Introduction

For nearly two decades The Jewish Press publicized the cause of Marina Tiemkin of Moscow. She had been kidnapped as a teenager by the KGB at her mother’s instigation in 1973 after she declared her intention to leave for Israel with her father, Dr. Alexander Tiemkin. Faced with the choice of emigration or the gulag, Dr. Tiemkin eventually arrived in Israel and waged an unceasing public campaign for Marina’s freedom.

During that time, little was known about Marina’s fate other than the fact that she was finally, after several years, able to break free of her mother’s grip and associate with young Jews who loved Israel. By 1989, as the USSR began to disintegrate, Marina managed to visit Israel along with her husband, Grigory Davidovsky; their child was kept behind to ensure their return to Russia. A year later, Marina and her family were finally able to immigrate to Israel. 

Learning Objectives

  • Introduction and background on life in the Soviet Union in the 1970s through a girl’s point of view.
  • How to stay true to ideals under social pressure.

Background

In the Soviet Union there were 3 million Jews, but the policy was against religion, any religion.

The Soviet regime banned Jewish life, but on the other hand prevented Jews from entering Israel.

From the point of view of the Soviet leadership – the exodus of the Jews was a symbol of the failure of propaganda that the Soviet Union is a paradise on earth. Therefore, any expression of Judaism, Zionism, sympathy for Israel or the desire to immigrate to Israel was considered treason. Many were arrested without actual crime, and sent to jail for espionage or treason.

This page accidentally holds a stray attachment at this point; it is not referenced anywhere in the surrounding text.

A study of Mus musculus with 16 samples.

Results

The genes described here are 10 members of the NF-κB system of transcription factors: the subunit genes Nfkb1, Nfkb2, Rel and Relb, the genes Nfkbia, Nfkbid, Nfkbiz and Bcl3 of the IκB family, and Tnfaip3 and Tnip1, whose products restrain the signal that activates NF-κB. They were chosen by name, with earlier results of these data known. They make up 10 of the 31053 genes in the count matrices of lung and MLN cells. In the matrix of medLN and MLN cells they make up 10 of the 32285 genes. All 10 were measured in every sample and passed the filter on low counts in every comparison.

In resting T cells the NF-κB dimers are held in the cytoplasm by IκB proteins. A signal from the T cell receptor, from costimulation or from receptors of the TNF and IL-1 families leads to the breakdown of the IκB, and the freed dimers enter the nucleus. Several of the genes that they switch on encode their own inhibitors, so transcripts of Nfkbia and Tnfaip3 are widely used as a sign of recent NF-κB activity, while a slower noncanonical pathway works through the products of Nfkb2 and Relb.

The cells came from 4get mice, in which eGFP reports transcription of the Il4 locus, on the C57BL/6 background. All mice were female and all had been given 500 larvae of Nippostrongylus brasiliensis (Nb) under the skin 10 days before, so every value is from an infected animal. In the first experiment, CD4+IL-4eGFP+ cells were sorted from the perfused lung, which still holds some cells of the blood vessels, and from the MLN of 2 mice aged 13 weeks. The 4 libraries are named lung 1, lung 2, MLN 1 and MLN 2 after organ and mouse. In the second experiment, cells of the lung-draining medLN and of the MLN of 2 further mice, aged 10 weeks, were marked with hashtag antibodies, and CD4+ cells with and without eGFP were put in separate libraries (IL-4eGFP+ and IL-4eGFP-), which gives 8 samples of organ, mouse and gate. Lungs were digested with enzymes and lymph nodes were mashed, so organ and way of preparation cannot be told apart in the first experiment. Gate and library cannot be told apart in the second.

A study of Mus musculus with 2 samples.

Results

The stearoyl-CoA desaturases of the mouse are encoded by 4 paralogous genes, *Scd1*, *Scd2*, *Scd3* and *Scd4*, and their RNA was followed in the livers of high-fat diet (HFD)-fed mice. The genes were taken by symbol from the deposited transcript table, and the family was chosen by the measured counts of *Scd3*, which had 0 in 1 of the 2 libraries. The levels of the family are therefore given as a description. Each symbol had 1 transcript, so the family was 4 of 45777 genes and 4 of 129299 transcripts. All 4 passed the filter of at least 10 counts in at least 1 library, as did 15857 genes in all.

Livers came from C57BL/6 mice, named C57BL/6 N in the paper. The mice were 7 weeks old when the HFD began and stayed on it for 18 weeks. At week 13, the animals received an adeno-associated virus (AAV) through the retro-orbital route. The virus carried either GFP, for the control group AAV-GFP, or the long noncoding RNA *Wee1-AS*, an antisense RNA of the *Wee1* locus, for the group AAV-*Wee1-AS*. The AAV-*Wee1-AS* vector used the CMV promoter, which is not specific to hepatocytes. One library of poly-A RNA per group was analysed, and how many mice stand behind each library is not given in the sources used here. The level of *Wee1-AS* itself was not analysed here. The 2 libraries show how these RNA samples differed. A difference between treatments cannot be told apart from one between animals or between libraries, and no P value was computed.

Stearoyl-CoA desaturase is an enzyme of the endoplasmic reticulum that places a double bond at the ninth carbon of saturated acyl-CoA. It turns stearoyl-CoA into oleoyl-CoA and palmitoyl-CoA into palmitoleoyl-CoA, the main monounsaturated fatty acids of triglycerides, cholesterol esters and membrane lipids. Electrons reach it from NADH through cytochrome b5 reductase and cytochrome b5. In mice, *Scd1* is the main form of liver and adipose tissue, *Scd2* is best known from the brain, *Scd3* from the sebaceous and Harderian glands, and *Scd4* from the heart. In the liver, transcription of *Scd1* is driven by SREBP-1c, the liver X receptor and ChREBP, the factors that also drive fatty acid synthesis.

The Soviet government treated citizens as state property, and it was forbidden to leave the country without special permission: not for a trip and certainly not to leave the USSR.

Anyone who wanted to leave had to go through the Interior Ministry, and usually get a refusal. In the Soviet Union, unemployment was prohibited by law, anyone who was marked as a “traitor” (= whoever wants to leave is a “traitor”) was also usually fired from his job and thus became a criminal.

 

For nearly two decades The Jewish Press publicized the cause of Marina Tiemkin of Moscow. She had been kidnapped as a teenager by the KGB at her mother’s instigation in 1973 after she declared her intention to leave for Israel with her father, Dr. Alexander Tiemkin. Faced with the choice of emigration or the gulag, Dr. Tiemkin eventually arrived in Israel and waged an unceasing public campaign for Marina’s freedom.

During that time, little was known about Marina’s fate other than the fact that she was finally, after several years, able to break free of her mother’s grip and associate with young Jews who loved Israel. By 1989, as the USSR began to disintegrate, Marina managed to visit Israel along with her husband, Grigory Davidovsky; their child was kept behind to ensure their return to Russia. A year later, Marina and her family were finally able to immigrate to Israel. 

Contributing Organization

Anat Zalmanson-Kuznetsov

Procedure

Have the students read Marina’s testimony and article. Then discuss:

  1. Why did the KGB try to put pressure on Marina?
  2. How do you think the KGB knew about every step and action of Marina?
  3. Why do you think Marina’s mother cooperated with the KGB and tried to separate Marina from her father?
  4. Why do you think Marina’s father left and immigrated to Israel without Marina? (Answer: He was probably threatened with imprisonment, which in any case would separate him from his daughter, and he probably thought that through Israel he could apply pressure and bring her in as well).
  5. Why did Marina want to be in Israel?